I'm taking a detour into the past to play a quickie CRPG of ambiguous importance. I wasn't originally going to bother with Dungeon Campaign; although it's one of the earliest RPG-like games available on personal computers, it isn't clear that this or any of Robert C. Clardy's other Apple II games informed anything of note, even if his 1980 Odyssey was glowingly well received by CGW's Scorpia as late as 1993.
Nevertheless, I've toyed with the idea a few times, and just decided to do it - it's an afternoon's investment at most.
Dungeon Campaign, like all Apple II games of this era, was coded in Integer BASIC and distributed on tapes, though no tape versions seem to be dumped. It is directly based on the game "Dragon Maze," which originally existed as a type-in program in the Apple II 1978 reference manual.
I found quite a few disk copies of Dragon Maze on archive.org, most of them modified from the original, but one was authentic as far as I could tell.
|Most copies don't "erase" the picture.|
The dragon isn't very smart and will just walk back and forth if he can't move closer to you, but if this happens too long he will jump over a wall.
The trick to winning is to memorize the maze, which annoyingly vanishes the exact moment that it finishes being generated. It will re-reveal itself as you bump into walls, but if you need to do this, the dragon will certainly jump over a wall and chase you into a corner. The dragon starts near the exit, and since there's only one route, so there's no getting around it. You've got to manipulate the dragon to move away from the exit, and preferably get stuck in an alcove somewhere, or get it to jump a wall so that it follows you while you head directly for the exit. Both techniques only work if you know the exact path to the exit as well as enough walls to manipulate the dragon's movement.
It's not a great game, but it's meant more as a learning exercise than an enjoyable experience in itself, so I'm not bothering to rate it.
Game 216: Dungeon Campaign
I am playing a floppy-based re-release which bundles both Dungeon Campaign and Wilderness campaign.
Dungeon Campaign begins by generating maps for four levels, but there's not much point in paying attention to any but the last. Only the map for the fourth level reveals its exit; the rest have staircases that could be anywhere.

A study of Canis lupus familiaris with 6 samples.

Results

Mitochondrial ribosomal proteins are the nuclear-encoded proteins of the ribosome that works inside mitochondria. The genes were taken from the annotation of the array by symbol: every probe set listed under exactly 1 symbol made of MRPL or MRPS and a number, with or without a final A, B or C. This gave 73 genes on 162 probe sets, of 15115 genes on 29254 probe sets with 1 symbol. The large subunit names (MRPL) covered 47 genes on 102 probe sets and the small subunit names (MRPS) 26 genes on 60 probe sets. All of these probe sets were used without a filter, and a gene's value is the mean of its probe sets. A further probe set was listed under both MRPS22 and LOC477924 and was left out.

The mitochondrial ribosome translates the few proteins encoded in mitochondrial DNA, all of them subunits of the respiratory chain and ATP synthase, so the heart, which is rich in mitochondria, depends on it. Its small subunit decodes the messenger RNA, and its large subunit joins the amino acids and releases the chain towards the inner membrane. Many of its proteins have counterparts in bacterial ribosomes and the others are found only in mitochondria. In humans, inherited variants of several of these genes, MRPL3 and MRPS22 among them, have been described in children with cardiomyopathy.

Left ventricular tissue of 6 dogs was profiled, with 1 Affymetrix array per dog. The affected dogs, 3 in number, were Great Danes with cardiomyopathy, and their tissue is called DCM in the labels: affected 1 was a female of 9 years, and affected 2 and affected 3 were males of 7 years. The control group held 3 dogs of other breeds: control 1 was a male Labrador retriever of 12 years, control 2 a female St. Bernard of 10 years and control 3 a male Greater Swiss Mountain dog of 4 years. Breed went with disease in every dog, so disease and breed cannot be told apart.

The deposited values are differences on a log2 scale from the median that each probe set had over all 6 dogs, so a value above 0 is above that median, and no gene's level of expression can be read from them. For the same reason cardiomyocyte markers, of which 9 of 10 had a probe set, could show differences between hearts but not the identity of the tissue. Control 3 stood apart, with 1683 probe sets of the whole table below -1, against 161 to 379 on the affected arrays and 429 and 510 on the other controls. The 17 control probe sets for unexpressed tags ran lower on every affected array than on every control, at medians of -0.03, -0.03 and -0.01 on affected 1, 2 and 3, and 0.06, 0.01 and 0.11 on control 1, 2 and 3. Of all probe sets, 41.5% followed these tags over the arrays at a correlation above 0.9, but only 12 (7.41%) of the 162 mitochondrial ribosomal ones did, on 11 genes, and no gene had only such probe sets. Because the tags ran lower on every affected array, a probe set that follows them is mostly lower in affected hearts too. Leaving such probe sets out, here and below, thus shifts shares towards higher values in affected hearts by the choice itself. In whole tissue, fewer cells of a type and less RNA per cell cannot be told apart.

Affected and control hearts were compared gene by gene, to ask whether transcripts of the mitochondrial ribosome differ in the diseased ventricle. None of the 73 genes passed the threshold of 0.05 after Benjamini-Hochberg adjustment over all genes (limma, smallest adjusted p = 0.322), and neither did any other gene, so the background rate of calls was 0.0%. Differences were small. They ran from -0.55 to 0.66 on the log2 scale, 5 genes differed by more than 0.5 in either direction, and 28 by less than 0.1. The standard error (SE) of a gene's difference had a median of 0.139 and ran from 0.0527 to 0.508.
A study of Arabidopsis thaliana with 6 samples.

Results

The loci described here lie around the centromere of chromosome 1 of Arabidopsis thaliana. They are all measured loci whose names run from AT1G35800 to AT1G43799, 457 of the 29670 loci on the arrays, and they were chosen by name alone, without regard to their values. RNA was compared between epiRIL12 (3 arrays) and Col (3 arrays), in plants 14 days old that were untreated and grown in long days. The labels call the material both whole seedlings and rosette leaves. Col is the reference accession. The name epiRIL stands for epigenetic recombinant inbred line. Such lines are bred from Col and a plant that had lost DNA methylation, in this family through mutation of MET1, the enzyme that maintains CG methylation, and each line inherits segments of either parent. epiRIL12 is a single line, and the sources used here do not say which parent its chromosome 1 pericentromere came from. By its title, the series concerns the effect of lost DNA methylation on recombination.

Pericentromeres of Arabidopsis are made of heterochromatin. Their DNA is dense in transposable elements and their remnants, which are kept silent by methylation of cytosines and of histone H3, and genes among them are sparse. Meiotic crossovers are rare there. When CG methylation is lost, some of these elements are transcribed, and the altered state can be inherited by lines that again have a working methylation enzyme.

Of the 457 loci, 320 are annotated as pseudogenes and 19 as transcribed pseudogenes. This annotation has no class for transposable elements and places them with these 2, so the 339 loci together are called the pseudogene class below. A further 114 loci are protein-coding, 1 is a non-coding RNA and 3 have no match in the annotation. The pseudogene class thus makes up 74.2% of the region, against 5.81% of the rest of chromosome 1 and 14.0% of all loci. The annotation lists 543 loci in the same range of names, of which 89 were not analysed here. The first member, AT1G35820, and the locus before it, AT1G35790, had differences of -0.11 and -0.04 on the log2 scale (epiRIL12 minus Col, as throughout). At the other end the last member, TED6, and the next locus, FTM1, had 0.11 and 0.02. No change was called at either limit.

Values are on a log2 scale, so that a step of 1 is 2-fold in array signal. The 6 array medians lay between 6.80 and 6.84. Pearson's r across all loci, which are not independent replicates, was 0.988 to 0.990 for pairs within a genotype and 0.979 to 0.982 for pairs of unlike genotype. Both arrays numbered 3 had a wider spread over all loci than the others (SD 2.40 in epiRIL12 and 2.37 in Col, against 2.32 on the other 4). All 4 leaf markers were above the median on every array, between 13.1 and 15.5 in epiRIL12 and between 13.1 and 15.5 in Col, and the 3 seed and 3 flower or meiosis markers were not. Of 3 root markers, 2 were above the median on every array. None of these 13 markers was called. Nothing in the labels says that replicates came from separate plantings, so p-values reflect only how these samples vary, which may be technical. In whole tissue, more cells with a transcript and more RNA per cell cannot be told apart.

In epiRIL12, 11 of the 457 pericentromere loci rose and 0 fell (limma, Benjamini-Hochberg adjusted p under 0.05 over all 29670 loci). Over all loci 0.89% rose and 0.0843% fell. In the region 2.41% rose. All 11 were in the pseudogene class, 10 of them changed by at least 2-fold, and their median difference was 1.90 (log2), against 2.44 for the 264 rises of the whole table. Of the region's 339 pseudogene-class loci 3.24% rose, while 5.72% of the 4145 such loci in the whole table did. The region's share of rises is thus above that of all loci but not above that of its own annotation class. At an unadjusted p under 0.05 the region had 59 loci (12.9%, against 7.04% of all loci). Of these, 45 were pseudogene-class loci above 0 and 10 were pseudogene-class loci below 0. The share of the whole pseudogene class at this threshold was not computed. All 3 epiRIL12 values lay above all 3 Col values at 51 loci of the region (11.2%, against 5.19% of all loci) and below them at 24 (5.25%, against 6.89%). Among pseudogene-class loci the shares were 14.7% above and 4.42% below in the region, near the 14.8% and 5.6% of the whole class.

We have 15 adventurers including an elf who warns when traps are near, and a dwarf who updates the map as the dungeon is explored. There are no stats or hitpoints; taking hits in combat or wandering into traps just means people die. The party levels up as a unit and the overall combat effectiveness is equal to this level times the number of surviving adventurers. A melee in which one of the 15 dies but the party gains a level means our overall strength rises from 15 to 28.
can jump to avoid traps when the elf warns you are near one, but this
isn't always possible when a junction or corner is trapped, as happened
to me almost right away.
|This confusingly worded "trap" sends you to a random part of another level.|
necromancer sent me to level 3, right by the staircase to level 4,
where I encountered 79 ghouls and somehow won at the cost of five
adventurers, though I don't fully understand why, as I only landed a
successful hit once.
The prize was grand, though.
Before exiting the dungeon, I went back up to level 3, noticed that one of the rooms was highlighted, and searched it for a bit more treasure. Then I returned to level 4 and left, though on the way a spectre entered and killed one more of us.
I replayed two more times, and made more effort to explore the dungeon. Some notes:
- I still don't really get how combat works. When you encounter a group of monsters, it has a total power level, but I don't know what it means. You take turns rolling dice and hitting or missing each other. Whenever they hit you, someone dies. You must hit them multiple times to win, but this number is much smaller than the number of monsters in the group.
- Sometimes you awaken a dragon. It behaves much like the one in Dragon Maze, but if it catches you, then it eats one man and goes away. Climbing stairs de-spawns the dragon.
- Pit traps aren't so bad; they just get you closer to the exit. Unless you're already on the fourth level, in which case one or two people die.
- Gas traps cover a small radius, but are harmless if you walk through the spewed gas quickly enough.
- One time I found a magic sword as a treasure. The magic sword lets you instantly win one combat, at the expense of the sword.
- Another treasure was a treasure map, which revealed the location of all treasure rooms on the current level.
- Returning to a previously explored dungeon floor reveals treasure rooms in any locations you've been to before but haven't searched. This doesn't make much sense to me mechanically and may be a bug.
- The game can crash with an array out of bounds error. This only happened once, and I don't know what causes it.
my second replay, I gathered 4200 quadroons on the upper levels and got
my party to reach level 9, but traps and fights started to take their
toll. I escaped with 6 survivors. Was the extra money worth all those
lives? Who knows.
GAB rating: Average. It's simplistic and a little weird, but Dungeon Campaign does what it sets out to do; give the experience of a dungeon crawl in the space of a few minutes.
Robert C. Clardy won't be relevant to Data Driven Gamer again until way into the future of 1989 with J.R.R. Tolkien's War in Middle Earth, and after that not again until 1997 when Synergistic Software produced the Hellfire expansion pack for the original Diablo.
soon return to our regularly scheduled 1983 programming with a series
of posts on Moria, the Roguelike that would gradually turn into Angband.